Category: Applied Functional Science

The objective of this study was to determine the effects of thoracic spine posture in the sagittal plane on shoulder function. Healthy subjects were tested in a sitting position with the thoracic spine erect and slouched, thereby mimicking the effects of postural kyphosis. The motion tested was shoulder abduction. Isometric strength tests were gathered with the arm by the side (0 degrees) and horizontal (90 degrees of abduction). The authors found that the scapula kinematics were significantly different in the slouched posture. Compared to the erect position, strength at 90 degrees decreased 16 percent in the slouched position and the maximum abduction range of motion was reduced by a mean of 23.9 degrees.

Based on these results, the importance of thoracic spine posture to workers who sit is obvious. As movement practitioners, the effects of thoracic kyphosis on function become apparent. It would not be hard to envision the development of shoulder impingement during sitting activities. Cervical and lumbar symptoms often result from a thoracic spine that is excessively flexed. In addition, these postural positions (and effects) often persist during upright activities when reaching overhead during any number of sports. But most of us would admit that telling our patients / clients to sit up straight creates the desired postural correction for only a few minutes or seconds.

Practitioners of Applied Functional Science® will apply the Principles-Strategies-Techniques (PST) Process to create programs to address this postural problem. The Principles of 3D, Driven, Load to Explode, and Success provide Strategies that provide for logical exercise prescription and progressions. The desired motion / position is less flexion (more extension) in the thoracic spine. But based on Load to Explode, the initiating movement would be flexion. However, since sagittal plane motion is the problem, can the Principle of 3D be used to drive motion into the other more successful planes (frontal and transverse)? Should we drive the motion with the trunk, or can the use of arm Drivers provide us with a better Strategy?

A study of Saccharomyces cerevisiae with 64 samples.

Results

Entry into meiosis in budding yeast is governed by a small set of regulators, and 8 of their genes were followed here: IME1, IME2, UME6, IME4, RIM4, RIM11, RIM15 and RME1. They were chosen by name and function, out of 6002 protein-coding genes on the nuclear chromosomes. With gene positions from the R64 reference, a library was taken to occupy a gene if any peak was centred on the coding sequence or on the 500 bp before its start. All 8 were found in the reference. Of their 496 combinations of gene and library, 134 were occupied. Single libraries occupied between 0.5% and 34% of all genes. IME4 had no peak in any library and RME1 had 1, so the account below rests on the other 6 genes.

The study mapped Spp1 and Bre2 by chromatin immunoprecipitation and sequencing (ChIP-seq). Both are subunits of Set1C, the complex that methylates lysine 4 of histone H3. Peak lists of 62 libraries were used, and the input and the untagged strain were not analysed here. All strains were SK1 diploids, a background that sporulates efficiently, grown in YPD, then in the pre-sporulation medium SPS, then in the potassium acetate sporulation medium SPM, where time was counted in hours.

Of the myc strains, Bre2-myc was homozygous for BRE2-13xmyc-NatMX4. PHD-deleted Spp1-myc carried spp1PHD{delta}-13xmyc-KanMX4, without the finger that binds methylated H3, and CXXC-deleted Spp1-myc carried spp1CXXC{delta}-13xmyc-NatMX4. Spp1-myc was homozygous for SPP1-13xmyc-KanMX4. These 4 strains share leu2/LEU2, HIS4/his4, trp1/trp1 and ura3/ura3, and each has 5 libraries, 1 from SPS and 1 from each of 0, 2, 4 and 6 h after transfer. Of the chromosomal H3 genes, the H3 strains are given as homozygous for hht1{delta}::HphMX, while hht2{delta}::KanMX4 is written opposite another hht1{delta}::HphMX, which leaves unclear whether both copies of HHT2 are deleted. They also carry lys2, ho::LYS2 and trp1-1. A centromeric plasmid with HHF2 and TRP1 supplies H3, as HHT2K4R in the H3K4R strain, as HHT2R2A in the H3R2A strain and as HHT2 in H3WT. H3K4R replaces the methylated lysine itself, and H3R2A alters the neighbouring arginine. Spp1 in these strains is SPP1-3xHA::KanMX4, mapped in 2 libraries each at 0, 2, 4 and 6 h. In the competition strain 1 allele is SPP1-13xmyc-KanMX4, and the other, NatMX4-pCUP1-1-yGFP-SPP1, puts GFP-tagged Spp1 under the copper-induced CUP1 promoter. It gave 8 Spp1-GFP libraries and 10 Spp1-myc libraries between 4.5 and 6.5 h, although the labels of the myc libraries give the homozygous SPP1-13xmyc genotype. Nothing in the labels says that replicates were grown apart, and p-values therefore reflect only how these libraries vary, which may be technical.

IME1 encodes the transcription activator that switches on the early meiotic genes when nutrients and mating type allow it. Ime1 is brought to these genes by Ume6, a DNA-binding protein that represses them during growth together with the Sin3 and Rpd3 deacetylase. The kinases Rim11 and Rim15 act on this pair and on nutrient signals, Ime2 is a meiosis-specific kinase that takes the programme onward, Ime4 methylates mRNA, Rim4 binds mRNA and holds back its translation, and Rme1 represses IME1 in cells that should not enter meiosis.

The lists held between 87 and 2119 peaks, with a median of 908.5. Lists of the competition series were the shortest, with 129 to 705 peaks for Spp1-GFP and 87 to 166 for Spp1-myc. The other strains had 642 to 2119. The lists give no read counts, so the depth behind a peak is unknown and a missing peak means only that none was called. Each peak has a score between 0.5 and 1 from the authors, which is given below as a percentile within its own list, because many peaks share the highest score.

Here is one example of a program to address the problem through subconscious activation of muscle via the proprioceptors: Using a single arm / hand, reach down to the side in the frontal plane. This loads the muscles that will create the explode. As the explode becomes more dynamic, the lateral flexion that is created by the abducting arm will begin to initiate thoracic extension as part of the movement. Now, alternate arms to work both sides. Then the direction of the reaching hand during the load is moved forward away from the frontal plane. This adds sagittal plane motion to the load, which increases the thoracic extension during the load. With continued success the reaching target is moved more anterior thereby adding sagittal (and transverse) plane motion.

The next Strategy might be to limit the loading reach distance, while emphasizing (with a target) the exploding elevation of the arm. Also, when the trunk is in an improved postural position of extension, isometric loading of the arm will increase the strength of the trunk muscles required to maintain this position. Speed. Load, and Duration from the 10 Observational Essentials from the Certification in Applied Functional Science® (CAFS), can be used to individualize the program and maximize success. Find out more here: https://www.grayinstitute.com/courses/cafs.